Sunday, 29 April 2012
At the beginning of the story, told in first person by Vimbai, she is the queen bee of her salon. Its business depends on her and she knows it. She's an independent, young woman who is rearing a daughter on her own, while her family has turned her back on her and the father of her child doesn't have any intentions to take on his responsibilities. Then one day her life is turned upside down by the arrival at the salon of Dumisani. He claims to be a hairdresser and ask for a job, but it would have been just as surprising if he had said he was from Mars. A male hairdresser is not something these women have ever heard of. But he proves himself in practice, revealing a rare talent and a irresistible charisma with the customers. In fact, he is so gifted that he steals Vimbai's spotlight.
She initially hates him for that, but he is a very hard person to hate and quickly he wins her over, too.
It's not hard for the reader to guess what Dumisani's secret is, but our narrator Vimbai is completely oblivious. We follow her as she goes through life in Harare, dreaming of opening her own salon, praying at her Pentecostal church, and trying to make sense of this new strange and confusing friendship with Dumisani. It's easy to get sucked into her story, but as it progresses you can't help but brace yourself for the inevitable crash that the truth will cause.
I enjoyed this little book. I loved learning about life in Zimbabwe because before reading this I knew next to nothing about it. Now I feel like a caught a vivid glimpse of what it is like living there. It seems similar to Europe during and after the wars. It's chaotic. Its rulers struggle to keep order, shops are empty and food must be bought at the black market, the inflation is over the roof so money is exchanged by weight, battle squads beat up anyone who voices a dissent. Not an easy place to be in, definitely. So I have to admire Vimbai for surviving quite well, being her own woman, not letting anyone dictate her life or her decisions.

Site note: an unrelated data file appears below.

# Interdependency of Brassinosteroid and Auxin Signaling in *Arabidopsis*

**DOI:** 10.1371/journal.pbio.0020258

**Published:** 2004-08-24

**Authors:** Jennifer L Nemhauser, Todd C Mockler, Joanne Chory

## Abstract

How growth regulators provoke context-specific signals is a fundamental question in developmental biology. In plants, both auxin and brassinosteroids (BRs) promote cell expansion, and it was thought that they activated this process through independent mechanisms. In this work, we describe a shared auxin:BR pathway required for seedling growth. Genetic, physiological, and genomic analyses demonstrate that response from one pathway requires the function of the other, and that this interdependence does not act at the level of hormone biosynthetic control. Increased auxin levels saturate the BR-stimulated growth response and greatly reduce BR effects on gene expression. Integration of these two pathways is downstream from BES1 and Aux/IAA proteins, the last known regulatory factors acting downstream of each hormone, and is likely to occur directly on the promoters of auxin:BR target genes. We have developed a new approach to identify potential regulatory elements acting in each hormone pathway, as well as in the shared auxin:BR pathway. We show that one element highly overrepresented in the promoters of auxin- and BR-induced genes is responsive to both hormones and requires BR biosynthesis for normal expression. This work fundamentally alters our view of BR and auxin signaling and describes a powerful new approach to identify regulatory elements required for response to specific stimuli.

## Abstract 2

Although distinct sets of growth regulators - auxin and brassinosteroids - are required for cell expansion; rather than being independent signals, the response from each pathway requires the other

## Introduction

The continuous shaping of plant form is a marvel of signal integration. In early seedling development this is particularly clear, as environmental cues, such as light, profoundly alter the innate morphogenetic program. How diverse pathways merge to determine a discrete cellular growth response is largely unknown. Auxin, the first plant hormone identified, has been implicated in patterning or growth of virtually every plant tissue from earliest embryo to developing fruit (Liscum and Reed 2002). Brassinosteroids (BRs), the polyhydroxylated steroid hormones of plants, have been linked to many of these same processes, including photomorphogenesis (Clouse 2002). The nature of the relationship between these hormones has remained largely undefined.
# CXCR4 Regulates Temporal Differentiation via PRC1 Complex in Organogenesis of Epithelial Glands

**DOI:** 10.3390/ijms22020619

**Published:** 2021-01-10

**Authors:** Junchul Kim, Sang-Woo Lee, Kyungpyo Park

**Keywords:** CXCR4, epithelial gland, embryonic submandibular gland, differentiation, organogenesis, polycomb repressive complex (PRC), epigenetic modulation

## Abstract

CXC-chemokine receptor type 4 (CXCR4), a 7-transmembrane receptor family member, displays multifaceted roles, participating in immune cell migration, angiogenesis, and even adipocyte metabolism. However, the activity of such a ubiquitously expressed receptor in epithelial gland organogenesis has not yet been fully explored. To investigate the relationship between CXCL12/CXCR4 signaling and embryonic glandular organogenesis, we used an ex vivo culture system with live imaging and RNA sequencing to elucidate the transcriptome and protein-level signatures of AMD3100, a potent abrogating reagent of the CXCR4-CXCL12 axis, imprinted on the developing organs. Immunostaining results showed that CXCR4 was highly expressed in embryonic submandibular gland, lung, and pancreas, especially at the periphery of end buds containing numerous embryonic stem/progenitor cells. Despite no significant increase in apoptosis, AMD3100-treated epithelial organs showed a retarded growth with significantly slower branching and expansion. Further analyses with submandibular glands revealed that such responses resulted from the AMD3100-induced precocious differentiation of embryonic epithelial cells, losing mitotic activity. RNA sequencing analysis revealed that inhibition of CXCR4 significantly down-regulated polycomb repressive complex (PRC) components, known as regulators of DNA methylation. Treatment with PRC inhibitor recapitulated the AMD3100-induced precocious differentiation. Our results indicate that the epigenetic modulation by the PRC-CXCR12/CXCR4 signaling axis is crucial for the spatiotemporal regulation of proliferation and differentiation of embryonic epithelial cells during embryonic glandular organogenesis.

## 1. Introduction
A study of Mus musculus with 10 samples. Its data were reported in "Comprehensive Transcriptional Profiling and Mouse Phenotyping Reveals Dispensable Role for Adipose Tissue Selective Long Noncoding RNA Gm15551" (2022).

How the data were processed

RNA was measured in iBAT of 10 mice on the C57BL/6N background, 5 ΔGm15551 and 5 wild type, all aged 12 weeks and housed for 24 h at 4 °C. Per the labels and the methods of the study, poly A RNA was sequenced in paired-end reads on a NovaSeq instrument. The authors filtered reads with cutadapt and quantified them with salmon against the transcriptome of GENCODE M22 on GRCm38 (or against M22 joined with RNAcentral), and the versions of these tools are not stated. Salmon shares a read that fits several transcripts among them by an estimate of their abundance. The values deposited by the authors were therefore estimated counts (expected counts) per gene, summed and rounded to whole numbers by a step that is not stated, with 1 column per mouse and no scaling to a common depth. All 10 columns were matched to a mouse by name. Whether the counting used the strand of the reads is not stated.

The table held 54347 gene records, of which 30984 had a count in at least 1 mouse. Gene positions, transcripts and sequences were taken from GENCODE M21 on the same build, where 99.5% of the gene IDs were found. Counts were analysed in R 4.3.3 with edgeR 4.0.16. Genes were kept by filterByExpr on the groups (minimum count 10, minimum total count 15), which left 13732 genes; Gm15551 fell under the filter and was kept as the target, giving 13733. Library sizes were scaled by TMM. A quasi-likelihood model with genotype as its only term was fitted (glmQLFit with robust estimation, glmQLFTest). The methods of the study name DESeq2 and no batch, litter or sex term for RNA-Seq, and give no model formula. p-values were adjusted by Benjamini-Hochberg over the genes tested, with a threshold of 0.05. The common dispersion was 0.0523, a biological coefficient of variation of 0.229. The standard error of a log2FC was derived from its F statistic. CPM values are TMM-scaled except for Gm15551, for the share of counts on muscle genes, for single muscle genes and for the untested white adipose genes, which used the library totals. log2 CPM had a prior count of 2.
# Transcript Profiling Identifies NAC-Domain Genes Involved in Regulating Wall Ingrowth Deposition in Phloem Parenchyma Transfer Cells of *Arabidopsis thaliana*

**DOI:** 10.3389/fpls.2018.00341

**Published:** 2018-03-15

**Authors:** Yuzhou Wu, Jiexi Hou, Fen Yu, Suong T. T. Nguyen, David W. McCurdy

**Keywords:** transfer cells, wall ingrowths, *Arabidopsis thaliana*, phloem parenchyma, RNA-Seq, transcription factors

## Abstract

But I did find her voice to be over-dramatic sometimes.
I liked Dumisani a lot for the most part. But he is flawed too, and I cannot sympathize with how he used and ultimately misled Vimbai. I know why he did it, but I lost a bit of admiration for him. Of course, if I really knew what it means to have a secret like his in Harare, then maybe I'd be more understanding. I don't despise Dumisani, though, for the same reasons I don't despise Vimbai for acting like she did in the end.
It makes the story more realistic, if I can say so, and more human. This is not a fairy tale, or at least not a Disney one. But it's a story that is easy to get into, and has the bonus of being different from what I normally read, set in a real world so far from my own in many ways. So I appreciated it all the more for it.